The Consumer Price Index for All Urban Consumers for the Denver-Aurora-Lakewood area advanced 1.3% between January and March and is running at an annual pace of 5.7%, which is down from the 6.4% annual rate measured in January. Nationally, consumer inflation increased at a 5% annual rate in March, which was down from a 6% annual pace in February.

Annual gains of 10% in both rents and food prices helped keep inflation elevated in the region. Metro Denver was also hit with a 12.3% spike in gasoline prices between January and March, which resulted from the closure of the Suncor Refinery in Commerce City to repair equipment damaged by cold temperatures late last year.

Gasoline prices were down about 2% in metro Denver compared to March 2022, but nationally, they were down 17.3%.

Michael Hirniak, the BLS assistant commissioner for regional operations, which oversees the metro Denver CPI report, noted in the report that core inflation, which is all items less food and energy, advanced 1.0% in February and March, due primarily to an increase in the index for owners’ equivalent rent of residences, a proxy for home ownership costs. The energy index was up 6.4%, while the food index increased 1.3% over the past two months.



Consumer inflation continues its gradual descent in metro Denver, but it isn’t falling as fast as elsewhere in the country, according to a bi-monthly update from the U.S. Bureau of Labor Statistics.

The Consumer Price Index for All Urban Consumers for the Denver-Aurora-Lakewood area advanced 1.3% between January and March and is running at an annual pace of 5.7%, which is down from the 6.4% annual rate measured in January. Nationally, consumer inflation increased at a 5% annual rate in March, which was down from a 6% annual pace in February.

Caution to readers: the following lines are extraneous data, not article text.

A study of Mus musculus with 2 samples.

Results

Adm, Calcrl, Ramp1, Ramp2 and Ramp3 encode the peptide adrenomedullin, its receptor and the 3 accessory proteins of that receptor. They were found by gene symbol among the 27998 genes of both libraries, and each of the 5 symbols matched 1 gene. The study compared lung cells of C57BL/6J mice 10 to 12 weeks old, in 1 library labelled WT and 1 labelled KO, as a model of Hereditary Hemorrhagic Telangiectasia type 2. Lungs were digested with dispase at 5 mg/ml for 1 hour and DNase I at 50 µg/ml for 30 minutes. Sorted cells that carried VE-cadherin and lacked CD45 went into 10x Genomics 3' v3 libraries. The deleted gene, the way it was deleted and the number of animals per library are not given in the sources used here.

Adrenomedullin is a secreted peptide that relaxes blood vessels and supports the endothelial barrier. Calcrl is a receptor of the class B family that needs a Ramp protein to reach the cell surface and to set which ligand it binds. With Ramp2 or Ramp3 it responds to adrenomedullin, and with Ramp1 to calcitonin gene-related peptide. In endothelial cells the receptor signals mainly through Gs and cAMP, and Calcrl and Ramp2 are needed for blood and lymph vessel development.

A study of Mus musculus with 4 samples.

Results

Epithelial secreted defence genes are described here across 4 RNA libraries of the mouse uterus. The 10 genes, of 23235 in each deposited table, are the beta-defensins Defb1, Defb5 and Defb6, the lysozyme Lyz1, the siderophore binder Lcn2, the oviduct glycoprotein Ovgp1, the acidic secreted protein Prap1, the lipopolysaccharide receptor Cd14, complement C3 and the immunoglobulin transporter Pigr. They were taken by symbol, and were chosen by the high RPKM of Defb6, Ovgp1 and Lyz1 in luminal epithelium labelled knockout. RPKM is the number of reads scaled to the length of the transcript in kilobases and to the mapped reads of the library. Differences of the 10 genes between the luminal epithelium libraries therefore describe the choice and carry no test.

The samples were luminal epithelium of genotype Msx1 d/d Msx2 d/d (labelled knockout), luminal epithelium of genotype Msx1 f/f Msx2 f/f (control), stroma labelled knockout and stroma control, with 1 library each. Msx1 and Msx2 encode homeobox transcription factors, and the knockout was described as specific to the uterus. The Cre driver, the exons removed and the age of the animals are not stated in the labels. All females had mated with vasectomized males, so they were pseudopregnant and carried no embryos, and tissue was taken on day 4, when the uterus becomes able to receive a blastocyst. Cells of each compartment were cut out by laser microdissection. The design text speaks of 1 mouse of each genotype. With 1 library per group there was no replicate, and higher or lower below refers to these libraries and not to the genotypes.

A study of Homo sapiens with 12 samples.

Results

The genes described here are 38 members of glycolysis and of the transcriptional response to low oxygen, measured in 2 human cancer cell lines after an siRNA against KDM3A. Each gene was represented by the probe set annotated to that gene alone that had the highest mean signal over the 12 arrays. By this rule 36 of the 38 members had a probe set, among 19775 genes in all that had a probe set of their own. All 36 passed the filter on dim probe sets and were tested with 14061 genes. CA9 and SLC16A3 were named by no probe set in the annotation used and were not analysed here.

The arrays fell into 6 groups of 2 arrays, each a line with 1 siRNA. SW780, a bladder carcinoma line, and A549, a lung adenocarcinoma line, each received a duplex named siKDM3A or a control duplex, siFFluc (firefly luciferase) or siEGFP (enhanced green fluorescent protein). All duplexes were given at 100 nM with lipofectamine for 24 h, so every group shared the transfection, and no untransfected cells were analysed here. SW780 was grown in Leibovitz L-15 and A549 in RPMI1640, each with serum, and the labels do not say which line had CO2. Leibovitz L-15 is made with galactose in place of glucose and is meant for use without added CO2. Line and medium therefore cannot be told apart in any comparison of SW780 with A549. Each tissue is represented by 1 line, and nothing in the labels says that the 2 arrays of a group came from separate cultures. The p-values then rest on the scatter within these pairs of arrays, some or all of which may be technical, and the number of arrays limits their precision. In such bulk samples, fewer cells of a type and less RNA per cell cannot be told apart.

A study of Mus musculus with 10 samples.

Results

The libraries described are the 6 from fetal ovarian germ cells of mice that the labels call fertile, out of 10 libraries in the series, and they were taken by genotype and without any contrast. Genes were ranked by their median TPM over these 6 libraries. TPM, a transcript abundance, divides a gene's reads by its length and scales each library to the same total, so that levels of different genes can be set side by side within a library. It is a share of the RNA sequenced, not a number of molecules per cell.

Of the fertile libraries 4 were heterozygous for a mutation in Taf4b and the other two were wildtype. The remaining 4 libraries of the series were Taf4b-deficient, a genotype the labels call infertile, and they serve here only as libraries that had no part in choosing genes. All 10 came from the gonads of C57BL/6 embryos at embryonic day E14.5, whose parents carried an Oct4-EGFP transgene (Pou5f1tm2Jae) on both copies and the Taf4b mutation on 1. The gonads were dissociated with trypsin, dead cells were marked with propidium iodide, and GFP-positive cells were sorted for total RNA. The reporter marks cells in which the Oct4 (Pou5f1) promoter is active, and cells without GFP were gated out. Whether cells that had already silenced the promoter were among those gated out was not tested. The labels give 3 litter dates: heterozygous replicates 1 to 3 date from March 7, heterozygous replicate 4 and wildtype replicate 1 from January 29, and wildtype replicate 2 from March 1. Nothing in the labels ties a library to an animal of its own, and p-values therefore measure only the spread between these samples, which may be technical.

Annual gains of 10% in both rents and food prices helped keep inflation elevated in the region. Metro Denver was also hit with a 12.3% spike in gasoline prices between January and March, which resulted from the closure of the Suncor Refinery in Commerce City to repair equipment damaged by cold temperatures late last year.

Gasoline prices were down about 2% in metro Denver compared to March 2022, but nationally, they were down 17.3%.

Michael Hirniak, the BLS assistant commissioner for regional operations, which oversees the metro Denver CPI report, noted in the report that core inflation, which is all items less food and energy, advanced 1.0% in February and March, due primarily to an increase in the index for owners’ equivalent rent of residences, a proxy for home ownership costs. The energy index was up 6.4%, while the food index increased 1.3% over the past two months.